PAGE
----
On July 26, in a clean room at the Northrop Grumman facility in Gilbert, Arizona, NOAA’s JPSS-2 satellite let out several loud pops as each of the five panels of its solar array detached from the body of the satellite and then unfolded, stretching out to its full 30-foot length. Under each panel, an engineer clad in a bunny suit flashed a thumbs up as latches clicked into place.
The deployment of the solar array, which had been installed three days earlier, marked the last major testing milestone of the weather satellite. JPSS-2 has now been boxed up and will be shipped to the Vandenberg Space Force Base in California for its Nov. 1 launch. The next time the solar array deploys will be in space.
“This is a culmination of seven years of work on this program,” said Scott Capehart, Joint Polar Satellite System program director at Northrop Grumman Corporation, where the spacecraft is built and tested. “Its success establishes that we’re ready for launch.”
Once launched, the JPSS-2 satellite, like its predecessors Suomi-NPP and NOAA-20, will race around Earth from pole to pole, taking measurements and snapping images that help us plan for hurricanes, snowstorms, floods, and other severe weather. The satellite will feed critical data to global weather forecast models.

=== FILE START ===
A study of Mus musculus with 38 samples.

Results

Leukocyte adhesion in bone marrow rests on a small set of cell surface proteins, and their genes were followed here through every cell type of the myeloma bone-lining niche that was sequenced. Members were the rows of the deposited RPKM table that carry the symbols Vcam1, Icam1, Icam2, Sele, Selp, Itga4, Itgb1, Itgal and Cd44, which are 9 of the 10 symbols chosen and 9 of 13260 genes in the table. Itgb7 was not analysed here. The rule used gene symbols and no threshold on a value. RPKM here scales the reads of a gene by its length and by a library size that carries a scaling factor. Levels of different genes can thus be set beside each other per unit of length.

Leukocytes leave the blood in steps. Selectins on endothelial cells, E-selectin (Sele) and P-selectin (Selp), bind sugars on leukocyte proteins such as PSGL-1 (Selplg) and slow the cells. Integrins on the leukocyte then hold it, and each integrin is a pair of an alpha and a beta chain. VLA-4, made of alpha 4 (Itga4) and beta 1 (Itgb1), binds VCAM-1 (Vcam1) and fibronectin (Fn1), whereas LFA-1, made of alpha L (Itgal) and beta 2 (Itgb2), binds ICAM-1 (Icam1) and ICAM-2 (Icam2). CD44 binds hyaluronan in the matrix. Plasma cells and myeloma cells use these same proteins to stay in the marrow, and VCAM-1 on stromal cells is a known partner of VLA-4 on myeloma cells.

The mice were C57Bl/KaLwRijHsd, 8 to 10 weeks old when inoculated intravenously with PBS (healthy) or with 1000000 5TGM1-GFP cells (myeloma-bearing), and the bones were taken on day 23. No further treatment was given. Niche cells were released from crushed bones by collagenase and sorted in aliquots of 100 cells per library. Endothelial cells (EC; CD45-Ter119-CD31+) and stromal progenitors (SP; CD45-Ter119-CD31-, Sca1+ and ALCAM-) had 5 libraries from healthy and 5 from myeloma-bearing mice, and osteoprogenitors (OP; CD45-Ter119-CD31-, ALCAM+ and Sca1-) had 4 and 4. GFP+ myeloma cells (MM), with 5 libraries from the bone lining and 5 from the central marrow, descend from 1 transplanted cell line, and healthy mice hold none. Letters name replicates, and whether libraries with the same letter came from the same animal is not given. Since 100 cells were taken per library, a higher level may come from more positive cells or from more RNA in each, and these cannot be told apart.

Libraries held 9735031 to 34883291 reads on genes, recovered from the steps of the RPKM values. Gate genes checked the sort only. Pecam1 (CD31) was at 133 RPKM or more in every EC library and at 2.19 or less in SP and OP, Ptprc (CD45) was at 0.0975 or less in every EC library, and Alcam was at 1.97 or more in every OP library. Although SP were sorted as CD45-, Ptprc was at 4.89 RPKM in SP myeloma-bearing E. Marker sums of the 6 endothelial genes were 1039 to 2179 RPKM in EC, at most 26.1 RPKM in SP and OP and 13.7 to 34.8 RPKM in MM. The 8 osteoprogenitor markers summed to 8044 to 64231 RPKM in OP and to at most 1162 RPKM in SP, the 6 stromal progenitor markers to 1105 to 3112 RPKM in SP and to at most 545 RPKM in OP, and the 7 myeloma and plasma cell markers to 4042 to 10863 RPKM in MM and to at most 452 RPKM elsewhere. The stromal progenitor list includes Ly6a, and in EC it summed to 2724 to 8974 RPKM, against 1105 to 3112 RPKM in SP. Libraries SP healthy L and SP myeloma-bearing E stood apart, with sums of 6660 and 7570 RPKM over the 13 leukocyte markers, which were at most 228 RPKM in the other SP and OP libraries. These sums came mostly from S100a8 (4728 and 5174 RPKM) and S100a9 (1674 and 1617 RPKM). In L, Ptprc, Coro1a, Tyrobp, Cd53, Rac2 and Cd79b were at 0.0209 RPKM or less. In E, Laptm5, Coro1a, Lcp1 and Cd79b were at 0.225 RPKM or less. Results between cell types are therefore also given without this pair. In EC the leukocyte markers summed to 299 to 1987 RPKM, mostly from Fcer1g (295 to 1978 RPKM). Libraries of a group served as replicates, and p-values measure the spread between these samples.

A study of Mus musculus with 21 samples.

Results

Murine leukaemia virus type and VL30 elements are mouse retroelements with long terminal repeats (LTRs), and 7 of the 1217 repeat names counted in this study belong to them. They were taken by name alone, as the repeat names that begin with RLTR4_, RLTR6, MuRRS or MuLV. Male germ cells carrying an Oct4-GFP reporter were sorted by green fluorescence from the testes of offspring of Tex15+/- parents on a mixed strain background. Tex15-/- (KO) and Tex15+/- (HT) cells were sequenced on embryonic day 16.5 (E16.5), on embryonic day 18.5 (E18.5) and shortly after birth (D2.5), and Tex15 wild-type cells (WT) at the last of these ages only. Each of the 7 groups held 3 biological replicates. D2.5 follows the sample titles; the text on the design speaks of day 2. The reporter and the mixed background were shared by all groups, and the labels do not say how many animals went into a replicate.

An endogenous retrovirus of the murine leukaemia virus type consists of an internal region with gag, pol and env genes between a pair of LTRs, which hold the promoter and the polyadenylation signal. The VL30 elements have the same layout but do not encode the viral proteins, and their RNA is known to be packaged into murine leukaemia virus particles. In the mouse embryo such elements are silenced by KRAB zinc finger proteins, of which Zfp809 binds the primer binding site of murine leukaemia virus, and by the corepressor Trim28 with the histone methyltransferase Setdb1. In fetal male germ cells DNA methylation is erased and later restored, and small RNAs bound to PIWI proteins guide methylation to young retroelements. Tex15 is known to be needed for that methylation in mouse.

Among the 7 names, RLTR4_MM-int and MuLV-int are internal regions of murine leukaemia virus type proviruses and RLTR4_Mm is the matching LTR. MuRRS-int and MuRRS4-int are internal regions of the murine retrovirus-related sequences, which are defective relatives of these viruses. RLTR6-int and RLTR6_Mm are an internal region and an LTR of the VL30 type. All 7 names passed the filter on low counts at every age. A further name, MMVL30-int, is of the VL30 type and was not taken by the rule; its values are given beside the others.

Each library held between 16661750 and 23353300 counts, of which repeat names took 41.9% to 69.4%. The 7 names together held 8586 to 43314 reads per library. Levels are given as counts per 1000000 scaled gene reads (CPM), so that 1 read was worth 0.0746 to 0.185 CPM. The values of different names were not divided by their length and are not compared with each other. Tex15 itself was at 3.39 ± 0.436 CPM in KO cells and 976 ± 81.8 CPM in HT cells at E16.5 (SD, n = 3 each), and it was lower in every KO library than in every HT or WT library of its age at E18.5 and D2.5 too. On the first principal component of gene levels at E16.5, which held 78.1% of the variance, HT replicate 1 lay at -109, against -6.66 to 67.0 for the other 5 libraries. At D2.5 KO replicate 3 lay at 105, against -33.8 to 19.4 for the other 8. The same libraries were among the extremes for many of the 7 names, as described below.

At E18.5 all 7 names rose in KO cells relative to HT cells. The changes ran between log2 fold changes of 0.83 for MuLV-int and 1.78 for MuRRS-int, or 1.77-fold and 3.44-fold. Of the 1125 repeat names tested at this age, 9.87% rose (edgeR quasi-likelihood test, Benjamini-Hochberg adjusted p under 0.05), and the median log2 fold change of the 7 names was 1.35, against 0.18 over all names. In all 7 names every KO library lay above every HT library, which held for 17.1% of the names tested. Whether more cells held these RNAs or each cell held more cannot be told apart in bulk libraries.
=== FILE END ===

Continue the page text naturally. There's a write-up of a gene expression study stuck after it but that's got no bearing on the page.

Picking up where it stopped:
“During stressful times, like running into an issue at the end of a long overnight shift, I always come back to the impact that JPSS-2 will have,” said Adelina Nastasoiu, an instrument systems engineer at Northrop Grumman. “The weather models it’s going to affect, the lives it’s going to save, and that it shares data freely with the entire world.”
JPSS-2 will also measure our oceans and atmosphere, map and monitor volcanoes and wildfires and tell us about the things that fill our air and lungs, like dust and smoke. Because of its wide swath, it will observe every spot on Earth at least twice a day.
In the clean room in Gilbert, the satellite sat upright, mounted on a rack on wheels. Multi-layered insulation resembling gold tinfoil blanketed the body of the spacecraft. Covers with “Remove before flight” signs protected each of its four instruments.
About 20 feet away, engineers checked connections and voltage on the spacecraft for JPSS-3, the next satellite in line to launch. And packed in boxes and stacked on wire shelves at the back of the clean room were the parts for JPSS-4, the final satellite in the JPSS series. Combined, the three satellites are expected to provide data into the 2030s.
Together, NASA and NOAA oversee the development, launch, testing, and operation of all the satellites in the JPSS program. NOAA funds and manages the program, operations, and data products. On behalf of NOAA, NASA develops and builds the instruments, spacecraft, and ground system, and launches the satellites, which NOAA operates.